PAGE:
Woman who helped make abortion legal in the US converts to Christianity, opposes abortion
“Jane Roe” of Roe v. Wade dedicated two decades to overturning legislation that bears her name
Norma McCorvey was the anonymous plaintiff “Jane Roe” in the infamous Roe v. Wade 1973 Supreme Court ruling that effectively legalised abortion across the United States. She died on Saturday 18 February in Texas, aged 69.
McCorvey was 22, unmarried, pregnant for the third time and seeking an abortion when she was introduced to two young Texan lawyers (Linda Coffee and Sarah Weddington). Under their guidance she brought a case against Henry Wade (the Dallas County District Attorney) to challenge the abortion legislation in Texas.
25 years after she signed an affidavit to instigate the court proceedings, McCorvey became a born-again Christian.
25 years after she signed an affidavit to instigate the court proceedings, McCorvey became a born-again Christian, and started working with pro-life groups to overturn Roe v. Wade.
In 1995, McCorvey was working at a Dallas women’s clinic when Christian anti-abortion group Operation Rescue moved in to the premises next door. McCorvey struck up an unlikely friendship with Rev. Phillip Benham, an evangelical minister and the then-director of Operation Rescue.
Within months, McCorvey accepted Jesus, and was baptised by Benham. Her conversion was heralded by anti-abortion activists, and she renounced her past and publicly committed to “serving the Lord and helping women save babies.”
Three years later, she had another spiritual conversion, this time to Roman Catholicism, after meeting Father Frank Pavone of the Catholic pro-life organisation Priests for Life. She remained Catholic until her death.
“I am dedicated to spending the rest of my life undoing the law that bears my name.” – Norma McCorvey
In 1998, on the eve of the 25th anniversary of the Supreme Court ruling, McCorvey testified before a U.S. Senate subcommittee, saying, “I am dedicated to spending the rest of my life undoing the law that bears my name. I would like nothing more than to have this law overturned, either by an act of Congress or a reversal in the Supreme Court.”
Troy Newman, director of Operation Rescue, who was banned from entering Australia in late 2015 after a change.org petition alleged he was a “vocal opponent of women’s safe, legal access to abortion,” told Eternity, “[McCorvey] epitomised the Christian life.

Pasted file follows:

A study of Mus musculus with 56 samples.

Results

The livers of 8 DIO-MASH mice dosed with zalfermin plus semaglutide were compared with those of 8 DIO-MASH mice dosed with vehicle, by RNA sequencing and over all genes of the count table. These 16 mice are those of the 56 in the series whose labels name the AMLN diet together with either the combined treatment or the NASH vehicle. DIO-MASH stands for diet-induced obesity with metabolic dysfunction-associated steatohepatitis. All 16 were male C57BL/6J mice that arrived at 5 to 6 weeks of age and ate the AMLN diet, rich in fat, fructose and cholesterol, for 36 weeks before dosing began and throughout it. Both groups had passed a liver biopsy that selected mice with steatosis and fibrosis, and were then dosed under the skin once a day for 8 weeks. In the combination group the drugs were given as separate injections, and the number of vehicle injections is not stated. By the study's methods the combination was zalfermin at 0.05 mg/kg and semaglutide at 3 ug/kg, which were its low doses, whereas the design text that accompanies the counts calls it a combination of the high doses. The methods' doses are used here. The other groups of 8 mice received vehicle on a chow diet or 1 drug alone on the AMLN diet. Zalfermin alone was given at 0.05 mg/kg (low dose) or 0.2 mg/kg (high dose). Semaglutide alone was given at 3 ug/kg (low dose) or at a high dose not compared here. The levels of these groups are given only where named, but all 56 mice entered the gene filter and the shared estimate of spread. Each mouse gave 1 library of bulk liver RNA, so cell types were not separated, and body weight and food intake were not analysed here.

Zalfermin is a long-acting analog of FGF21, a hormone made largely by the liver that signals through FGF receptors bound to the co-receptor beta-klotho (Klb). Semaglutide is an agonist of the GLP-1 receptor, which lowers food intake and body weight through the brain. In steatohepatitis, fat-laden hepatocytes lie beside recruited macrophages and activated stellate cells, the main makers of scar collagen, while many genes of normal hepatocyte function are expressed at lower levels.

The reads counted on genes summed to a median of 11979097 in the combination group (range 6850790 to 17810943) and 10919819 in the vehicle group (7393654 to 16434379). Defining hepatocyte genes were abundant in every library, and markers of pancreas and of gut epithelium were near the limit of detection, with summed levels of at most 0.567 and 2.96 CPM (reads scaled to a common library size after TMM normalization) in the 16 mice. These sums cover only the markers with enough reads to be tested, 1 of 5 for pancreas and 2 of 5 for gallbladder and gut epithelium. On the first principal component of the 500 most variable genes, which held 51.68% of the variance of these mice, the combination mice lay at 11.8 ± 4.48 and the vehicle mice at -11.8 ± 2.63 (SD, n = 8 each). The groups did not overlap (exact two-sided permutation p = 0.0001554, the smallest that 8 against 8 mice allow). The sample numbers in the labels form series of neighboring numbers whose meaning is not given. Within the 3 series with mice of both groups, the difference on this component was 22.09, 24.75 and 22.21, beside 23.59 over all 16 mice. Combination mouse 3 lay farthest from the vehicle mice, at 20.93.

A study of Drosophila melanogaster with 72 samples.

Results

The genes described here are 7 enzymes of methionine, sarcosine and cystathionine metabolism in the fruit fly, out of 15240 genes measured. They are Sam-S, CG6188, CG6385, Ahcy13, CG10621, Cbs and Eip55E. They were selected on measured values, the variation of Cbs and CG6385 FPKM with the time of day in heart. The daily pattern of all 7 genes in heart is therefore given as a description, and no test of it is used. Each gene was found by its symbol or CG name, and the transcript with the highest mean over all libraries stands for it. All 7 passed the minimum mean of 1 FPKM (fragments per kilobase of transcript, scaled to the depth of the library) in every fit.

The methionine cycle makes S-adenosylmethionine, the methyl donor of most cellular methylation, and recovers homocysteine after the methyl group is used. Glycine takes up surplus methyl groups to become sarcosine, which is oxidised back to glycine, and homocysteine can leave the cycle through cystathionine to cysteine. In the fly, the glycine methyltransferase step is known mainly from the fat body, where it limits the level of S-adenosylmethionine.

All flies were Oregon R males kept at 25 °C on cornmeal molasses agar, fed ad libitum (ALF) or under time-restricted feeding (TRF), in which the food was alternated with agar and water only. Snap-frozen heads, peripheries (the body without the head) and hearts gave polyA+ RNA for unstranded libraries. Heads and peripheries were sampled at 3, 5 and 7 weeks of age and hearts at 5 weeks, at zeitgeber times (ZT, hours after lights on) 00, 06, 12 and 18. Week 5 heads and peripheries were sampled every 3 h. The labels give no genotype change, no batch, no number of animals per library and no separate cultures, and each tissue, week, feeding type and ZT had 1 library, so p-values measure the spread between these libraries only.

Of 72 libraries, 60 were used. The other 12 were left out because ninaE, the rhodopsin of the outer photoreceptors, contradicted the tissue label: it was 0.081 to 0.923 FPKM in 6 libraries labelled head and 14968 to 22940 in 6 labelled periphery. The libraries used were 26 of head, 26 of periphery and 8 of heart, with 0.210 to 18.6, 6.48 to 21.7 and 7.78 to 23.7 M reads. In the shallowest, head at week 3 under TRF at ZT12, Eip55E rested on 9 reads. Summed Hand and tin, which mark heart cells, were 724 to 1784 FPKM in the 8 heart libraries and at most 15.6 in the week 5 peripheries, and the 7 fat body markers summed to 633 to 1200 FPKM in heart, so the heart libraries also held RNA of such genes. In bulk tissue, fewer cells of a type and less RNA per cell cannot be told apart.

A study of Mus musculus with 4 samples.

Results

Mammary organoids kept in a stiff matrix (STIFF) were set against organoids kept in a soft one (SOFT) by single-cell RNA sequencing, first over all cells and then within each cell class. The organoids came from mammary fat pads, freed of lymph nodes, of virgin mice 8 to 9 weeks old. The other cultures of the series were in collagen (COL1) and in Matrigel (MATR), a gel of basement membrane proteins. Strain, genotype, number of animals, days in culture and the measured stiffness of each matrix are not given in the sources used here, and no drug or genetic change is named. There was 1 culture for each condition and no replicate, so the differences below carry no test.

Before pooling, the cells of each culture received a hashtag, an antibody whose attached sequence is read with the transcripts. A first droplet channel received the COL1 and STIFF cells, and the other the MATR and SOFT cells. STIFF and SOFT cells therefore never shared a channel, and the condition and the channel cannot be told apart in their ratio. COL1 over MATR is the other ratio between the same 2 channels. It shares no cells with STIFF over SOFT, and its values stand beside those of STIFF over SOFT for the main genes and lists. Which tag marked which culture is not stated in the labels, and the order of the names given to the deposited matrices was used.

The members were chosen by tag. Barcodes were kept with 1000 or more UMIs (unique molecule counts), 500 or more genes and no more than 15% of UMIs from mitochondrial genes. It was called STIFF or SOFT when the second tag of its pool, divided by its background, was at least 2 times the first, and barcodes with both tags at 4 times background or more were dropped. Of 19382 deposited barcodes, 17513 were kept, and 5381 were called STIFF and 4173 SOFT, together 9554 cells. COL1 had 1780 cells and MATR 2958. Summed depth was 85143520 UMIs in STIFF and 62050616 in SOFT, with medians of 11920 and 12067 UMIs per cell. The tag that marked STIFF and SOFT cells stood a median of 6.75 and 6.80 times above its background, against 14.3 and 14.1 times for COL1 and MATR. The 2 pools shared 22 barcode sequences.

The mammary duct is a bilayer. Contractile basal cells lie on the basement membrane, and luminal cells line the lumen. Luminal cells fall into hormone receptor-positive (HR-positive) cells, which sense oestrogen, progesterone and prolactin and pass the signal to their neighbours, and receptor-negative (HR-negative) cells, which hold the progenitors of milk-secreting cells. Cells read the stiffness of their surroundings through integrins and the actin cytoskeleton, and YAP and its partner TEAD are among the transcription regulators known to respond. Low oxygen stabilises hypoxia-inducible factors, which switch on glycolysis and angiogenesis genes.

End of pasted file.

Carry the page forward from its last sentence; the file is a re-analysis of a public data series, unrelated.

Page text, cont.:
“She was walking away from God in her youth, [but then] she was doing everything in her power to right the wrongs that she helped perpetrate early in her life.”
Newman describes how McCorvey’s transformation really took place when she started working at an abortion clinic.
“She knew she was forgiven by God, but she still struggled with the weight of what was going on; I think she had a hard time forgiving herself.” – Troy Newman
“It went from the abstract to reality. She saw the limbs of the children, and it haunted her.”
When a young girl, Emily, invited McCorvey to church, Newman says, “church turned her life around.
“She knew she was forgiven by God, but she still struggled with the weight of what was going on; I think she had a hard time forgiving herself. She understood she was forgiven, she expressed that, and she went to church regularly.”
In her first book, I Am Roe: My Life, Roe V. Wade, and Freedom of Choice, McCorvey wrote, “I wasn’t the wrong person to become Jane Roe. I wasn’t the right person to become Jane Roe. I was just the person who became Jane Roe, of Roe v. Wade. And my life story, warts and all, was a little piece of history.”
McCorvey was lifted by chance into the national spotlight for a cause she never wanted to champion.
Born in Louisiana and raised in a broken home with an alcoholic and physically abusive mother, she was in trouble with the law from an early age and repeatedly raped by a relative in her young teens. She experimented sexually, and was bisexual, but primarily lesbian. At 16 she was pregnant with her first child.
McCorvey was the perfect plaintiff: poor, pregnant, and seeking an abortion.
She claimed that her mother tricked her into signing away custody of the baby, and then threw her out of the house.
Pregnant again a few years later, McCorvey gave the baby up for adoption, but when she fell pregnant a third time she decided to seek an abortion, but it was illegal in the majority of U.S. states, including Texas, where she lived.
Unable to afford the travel to one of the six states where abortion was legal, she told her doctor that she did not want to bring the pregnancy to term, but he still advised her to consult an adoption lawyer.
The adoption lawyer – Henry McCluskey – introduced McCorvey to Coffee and Weddington, who wanted to bring a legal case against the state’s anti-abortion statute. McCorvey was the perfect plaintiff: poor, pregnant, and seeking an abortion.
By all accounts, McCorvey had little or no idea what she was signing up for; she just wanted an abortion. By the time the lawsuit had been ruled on, McCorvey had given birth to the baby and given it up for adoption.
The decision of Roe v. Wade shaped the political and social landscape of the United States, and is still an exceedingly divisive issue.
(During his campaign for President, Donald Trump promised to appoint pro-life justices to the Supreme Court, saying this could mean the overturning of Roe v. Wade. He has already reinstated a global gag order on abortion, which requires non-governmental organisations, outside U.S. borders, that are receiving federal funding to agree to “neither perform nor actively promote abortion as a method of family planning in other nations”.)